The BBC has been forced to defend Laura Kuenssberg after viewers complained that she attempted to ask an ‘inappropriate’ question at the coronavirus Downing Street press briefings.
Laura attempted to put a question to Health Secretary Matt Hancock about Boris Johnson, who has insisted he personally paid for the makeover on his Downing Street flat, after it was announced the funding would be investigated.
‘If a serving government minister is found to have broken the rules on party funding, should they resign?’ she asked.
Mr Hancock, however, shot Laura down and replied: ‘Thanks very much. I know the Prime Minister answered lots of questions about this at the House of Commons earlier and given that this is a coronavirus press conference, you won’t be surprised that I’m not going to add to the answers the prime minister has already given.’
Viewers voiced their upset at Laura’s question on social media, with many criticising her for not sticking to the topic of Covid-19 and even threatening to cancel their licence fee.
‘Laura Kuenssberg should resign as BBC political editor after that ridiculous, totally unrelated opening question,’ slammed one.
Laura Kuenssberg’s question was shot down by Matt Hancock (Picture: BBC)
Echoing a similar sentiment, another added: ‘Absolutely idiotic for BBC bosses to support the inappropriate question by mouth almighty @bbclaura to @MattHancock during this evening’s Covid update by repeating the same broadcast on tonights 6 o’clock @BBCNews.
‘I don’t pay my TV licence for this. I won’t if it continues.’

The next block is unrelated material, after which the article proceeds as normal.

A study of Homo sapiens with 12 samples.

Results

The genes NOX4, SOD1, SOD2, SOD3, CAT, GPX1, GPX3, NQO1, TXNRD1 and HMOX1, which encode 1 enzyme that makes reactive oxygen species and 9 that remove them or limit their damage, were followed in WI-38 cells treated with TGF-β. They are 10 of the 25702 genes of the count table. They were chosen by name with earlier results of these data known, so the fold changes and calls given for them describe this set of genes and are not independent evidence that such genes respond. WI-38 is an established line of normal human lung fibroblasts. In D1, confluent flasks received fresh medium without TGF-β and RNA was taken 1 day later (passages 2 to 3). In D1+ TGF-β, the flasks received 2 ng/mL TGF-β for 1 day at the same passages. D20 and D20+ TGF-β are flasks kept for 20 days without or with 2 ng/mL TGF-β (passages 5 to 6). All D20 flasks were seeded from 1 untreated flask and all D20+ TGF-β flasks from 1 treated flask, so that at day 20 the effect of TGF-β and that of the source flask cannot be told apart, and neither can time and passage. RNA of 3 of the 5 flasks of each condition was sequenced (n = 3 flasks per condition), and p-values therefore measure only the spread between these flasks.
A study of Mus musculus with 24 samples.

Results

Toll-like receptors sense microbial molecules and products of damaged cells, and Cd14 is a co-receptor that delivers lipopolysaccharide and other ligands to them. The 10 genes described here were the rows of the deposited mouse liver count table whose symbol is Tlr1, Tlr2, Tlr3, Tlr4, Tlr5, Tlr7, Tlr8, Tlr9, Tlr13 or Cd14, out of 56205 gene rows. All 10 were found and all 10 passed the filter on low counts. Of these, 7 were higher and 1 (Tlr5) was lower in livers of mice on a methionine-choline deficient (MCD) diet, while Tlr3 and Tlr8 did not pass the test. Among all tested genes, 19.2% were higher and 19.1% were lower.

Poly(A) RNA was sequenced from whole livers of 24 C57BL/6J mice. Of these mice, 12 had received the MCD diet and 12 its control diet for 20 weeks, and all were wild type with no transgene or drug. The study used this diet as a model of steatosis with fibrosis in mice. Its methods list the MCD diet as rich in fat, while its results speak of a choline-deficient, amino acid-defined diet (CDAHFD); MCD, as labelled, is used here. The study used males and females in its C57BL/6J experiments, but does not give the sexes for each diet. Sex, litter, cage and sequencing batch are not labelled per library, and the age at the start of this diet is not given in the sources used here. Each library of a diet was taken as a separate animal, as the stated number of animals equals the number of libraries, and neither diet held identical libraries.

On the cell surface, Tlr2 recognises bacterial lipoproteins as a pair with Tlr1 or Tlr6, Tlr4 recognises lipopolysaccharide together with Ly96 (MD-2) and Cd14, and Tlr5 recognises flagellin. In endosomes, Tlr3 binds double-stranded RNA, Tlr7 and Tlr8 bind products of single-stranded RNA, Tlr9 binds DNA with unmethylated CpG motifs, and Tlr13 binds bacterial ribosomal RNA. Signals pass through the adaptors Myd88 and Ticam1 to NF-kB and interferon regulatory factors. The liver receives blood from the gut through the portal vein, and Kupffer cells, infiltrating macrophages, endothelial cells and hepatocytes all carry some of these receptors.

The BBC defended Laura after receiving complaints, insisting that journalists can ask politicians questions on any subject.
‘The line of questioning used by our correspondents at the Downing Street coronavirus briefings does usually focus on the most pertinent aspects of the pandemic,’ a spokesperson said.
‘However, on certain occasions, we have also used these briefings as an opportunity to ask government ministers questions on issues of importance unrelated to Covid.
‘In the past, ministers have been happy to address other topics, and have given in depth responses which we believe would have been of interest to our audience.’
The spokesperson continued: ‘Earlier in the day, the Electoral Commission had announced that they had launched an investigation into the funding of Boris Johnson’s Downing Street flat renovations.
‘This is a developing and significant story, with potentially serious implications. In this context, we believe it was legitimate for Laura Kuenssberg to use her question to the Health Secretary, Matt Hancock, to reference this.
‘A principle of journalism in the UK is that journalists can ask politicians questions on any subject; politicians are of course under no obligation to respond and can decline to answer, as was the case in this instance.’
Credit: Original article published here.